Nomad (Nonesuch Records, 2013)
Hooking up with The Black Keys guitarist and singer Dan Auerbach at Auerbach’s Easy Eye Sound studio in Nashville, Tennessee, Omara “Bombino” Moctar ups the ante on his Tuareg desert blues/rock sound on his debut recording Nomad for the Nonesuch Records label.
It was a chance viewing of a video of Bombino playing in Agadez, Niger, Bombino’s homeland, celebrating peace that had finally come to Niger that caught Mr. Auerbach’s eye and musical imagination. Mr. Auerbach recalls, “I thought it was really amazing. He was just rocking out, playing the guitar. Live is where Bombino shines. He’s electrifying.”
After the stunning 2011 release of Agadez on the Cumbancha label, vocalist and guitarist Bombino, along with band members Ibrahim Atchinguil Emoud, Kildjate Moussa Albade and Kawissan Mohamed, took a chance with producer Mr. Auerbach and his vision of bringing Bombino’s sound to a whole new audience with the addition of some unexpected additions like pedal steel while still maintaining the vibrancy of the Bombino sound.
Mr. Auerbach explains, “I was honored he came to town and let me record him. My studio is built to record live band to make live music, and that’s what Bombino and his band do best. I hoped it would work out great, and it did. I called up Max Weissenfeldt, the drummer from Berlin I’d worked with on the Dr. John (Locked Down), a local pedal steel player named Russ Pahl, and a keyboard player named Bobby Emmett. I had those people coming over, and they were playing instruments that Bombino had never actually used before, but he said it was cool to try them. I wanted a little bit more variation, and I wanted to try something that hadn’t been done before, like combining their African instruments with pedal steel. And I though keyboard would also complement the Bombino sound.”
The admiration between the two is mutual as Bombino comments, “It felt as though I was being bestowed with the title of an African minister of musical culture, being picked to work with Dan. It was such a big opportunity to reach a wider audience. Meeting Dan himself was also really good. Dan was very ice and approachable and easy to work with, even though he’s such a well-known personality now. It was the first time I was able to work in a big studio like that, with proper gear and a great sound engineer. It was a really new experience, with all that sophistication in the studio. This was really, really big.”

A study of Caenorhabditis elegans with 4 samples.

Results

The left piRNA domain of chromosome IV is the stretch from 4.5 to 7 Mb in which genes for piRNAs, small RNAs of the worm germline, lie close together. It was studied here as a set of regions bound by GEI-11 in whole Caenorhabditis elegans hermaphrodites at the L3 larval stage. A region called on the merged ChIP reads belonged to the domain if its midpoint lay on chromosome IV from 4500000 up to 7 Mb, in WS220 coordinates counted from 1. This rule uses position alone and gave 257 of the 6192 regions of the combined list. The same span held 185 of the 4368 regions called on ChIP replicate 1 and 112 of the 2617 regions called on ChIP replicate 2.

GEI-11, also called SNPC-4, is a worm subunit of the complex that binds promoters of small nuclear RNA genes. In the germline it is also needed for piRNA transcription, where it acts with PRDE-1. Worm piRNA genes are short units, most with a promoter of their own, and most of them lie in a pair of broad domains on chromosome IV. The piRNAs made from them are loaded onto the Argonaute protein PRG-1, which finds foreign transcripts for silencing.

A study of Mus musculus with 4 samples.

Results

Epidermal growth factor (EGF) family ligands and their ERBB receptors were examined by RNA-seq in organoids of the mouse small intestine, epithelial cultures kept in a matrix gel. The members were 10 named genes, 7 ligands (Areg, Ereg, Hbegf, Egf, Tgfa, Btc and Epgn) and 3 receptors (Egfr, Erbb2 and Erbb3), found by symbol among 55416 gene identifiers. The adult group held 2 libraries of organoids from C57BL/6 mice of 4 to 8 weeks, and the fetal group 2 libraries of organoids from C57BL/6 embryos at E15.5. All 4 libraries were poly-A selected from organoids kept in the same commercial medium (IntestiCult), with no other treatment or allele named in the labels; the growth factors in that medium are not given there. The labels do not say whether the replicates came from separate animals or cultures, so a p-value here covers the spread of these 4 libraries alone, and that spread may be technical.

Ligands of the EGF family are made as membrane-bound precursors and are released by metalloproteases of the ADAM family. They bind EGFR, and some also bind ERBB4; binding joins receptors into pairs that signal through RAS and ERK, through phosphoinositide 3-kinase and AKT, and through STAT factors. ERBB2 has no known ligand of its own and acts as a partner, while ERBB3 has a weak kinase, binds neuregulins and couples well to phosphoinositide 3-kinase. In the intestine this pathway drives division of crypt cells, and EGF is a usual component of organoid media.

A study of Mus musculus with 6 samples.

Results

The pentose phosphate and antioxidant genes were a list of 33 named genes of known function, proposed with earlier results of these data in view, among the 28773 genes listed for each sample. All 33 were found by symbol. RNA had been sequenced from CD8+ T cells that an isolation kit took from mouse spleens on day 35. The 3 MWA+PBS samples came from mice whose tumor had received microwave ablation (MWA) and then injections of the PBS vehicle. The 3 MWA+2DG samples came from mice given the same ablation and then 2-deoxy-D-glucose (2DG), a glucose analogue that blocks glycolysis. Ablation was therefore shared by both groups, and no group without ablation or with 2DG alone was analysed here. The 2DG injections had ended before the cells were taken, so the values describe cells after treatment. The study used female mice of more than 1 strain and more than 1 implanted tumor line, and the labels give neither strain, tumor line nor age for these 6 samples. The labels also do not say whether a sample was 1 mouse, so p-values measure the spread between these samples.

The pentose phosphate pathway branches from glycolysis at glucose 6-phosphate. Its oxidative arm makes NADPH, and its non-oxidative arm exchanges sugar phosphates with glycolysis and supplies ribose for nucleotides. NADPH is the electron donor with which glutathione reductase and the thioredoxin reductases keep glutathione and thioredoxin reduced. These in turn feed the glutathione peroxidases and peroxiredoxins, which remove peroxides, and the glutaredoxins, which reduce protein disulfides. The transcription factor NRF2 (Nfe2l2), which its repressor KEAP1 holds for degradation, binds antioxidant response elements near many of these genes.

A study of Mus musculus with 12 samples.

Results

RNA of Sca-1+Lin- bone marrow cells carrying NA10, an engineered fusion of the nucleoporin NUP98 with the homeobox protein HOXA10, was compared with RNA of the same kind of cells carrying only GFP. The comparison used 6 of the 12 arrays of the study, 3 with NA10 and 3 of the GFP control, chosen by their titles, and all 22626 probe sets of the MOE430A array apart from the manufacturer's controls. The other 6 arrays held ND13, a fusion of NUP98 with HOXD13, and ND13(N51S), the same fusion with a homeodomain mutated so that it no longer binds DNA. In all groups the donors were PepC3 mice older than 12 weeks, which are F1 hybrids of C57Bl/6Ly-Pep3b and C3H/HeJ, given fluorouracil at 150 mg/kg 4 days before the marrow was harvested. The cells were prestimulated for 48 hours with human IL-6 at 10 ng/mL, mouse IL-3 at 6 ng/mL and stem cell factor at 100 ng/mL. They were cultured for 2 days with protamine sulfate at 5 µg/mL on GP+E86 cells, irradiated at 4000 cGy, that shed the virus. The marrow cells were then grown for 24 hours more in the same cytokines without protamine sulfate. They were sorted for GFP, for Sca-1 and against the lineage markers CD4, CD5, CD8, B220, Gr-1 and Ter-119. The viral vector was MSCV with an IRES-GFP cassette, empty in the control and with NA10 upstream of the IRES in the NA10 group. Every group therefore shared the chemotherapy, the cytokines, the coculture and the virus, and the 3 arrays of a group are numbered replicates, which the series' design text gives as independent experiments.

Savage guitar licks saturate Nomad’s opening track “Amidinine” enough to have fans screaming for more. And it just gets better with the revolving rhythms of “Ahulakamine Hulan” and the soulfully worked “Imuhar.” Ensuring that the music has purpose, Bombino reaches out with songs like “Azamane Tiliade” or “The Era of Young Girls” to caution young men to be attentive to young girls and “Her Tenere” or “In the Desert” about the problems of the Tuareg people. “Imidiwan” or “My Friends” has got a catchy, folksy feel, but it is “Tamiditine” or “My Darling” that is the real gem of the recording with its easy, breezy feel and a kick of pedal steel that transforms this into a clever delight.
Mr. Auerbach sums up the experience, “When those guys get in front of you and Bombino is playing electric guitar, you don’t have to be in the desert. They will transform wherever they are. That’s what’s amazing about Bombino.”
Bombino fans should keep a close eye on their North American tour dates that start in May and run through until July. Cities like Portland (Oregon), Aspen (Colorado), Ozark (Arkansas), Washington DC, Winnipeg (Manitoba), Louisville (Kentucky) and Newport (Rhode Island), among others will have an up close and personal listen into Bombino.
Author: TJ Nelson
TJ Nelson is a regular CD reviewer and editor at World Music Central. She is also a fiction writer. Check out her latest book, Chasing Athena’s Shadow.
Set in Pineboro, North Carolina, Chasing Athena’s Shadow follows the adventures of Grace, an adult literacy teacher, as she seeks to solve a long forgotten family mystery. Her charmingly dysfunctional family is of little help in her quest. Along with her best friends, an attractive Mexican teacher and an amiable gay chef, Grace must find the one fading memory that holds the key to why Grace’s great-grandmother, Athena, shot her husband on the courthouse steps in 1931.
Traversing the line between the Old South and New South, Grace will have to dig into the past to uncover Athena’s true crime.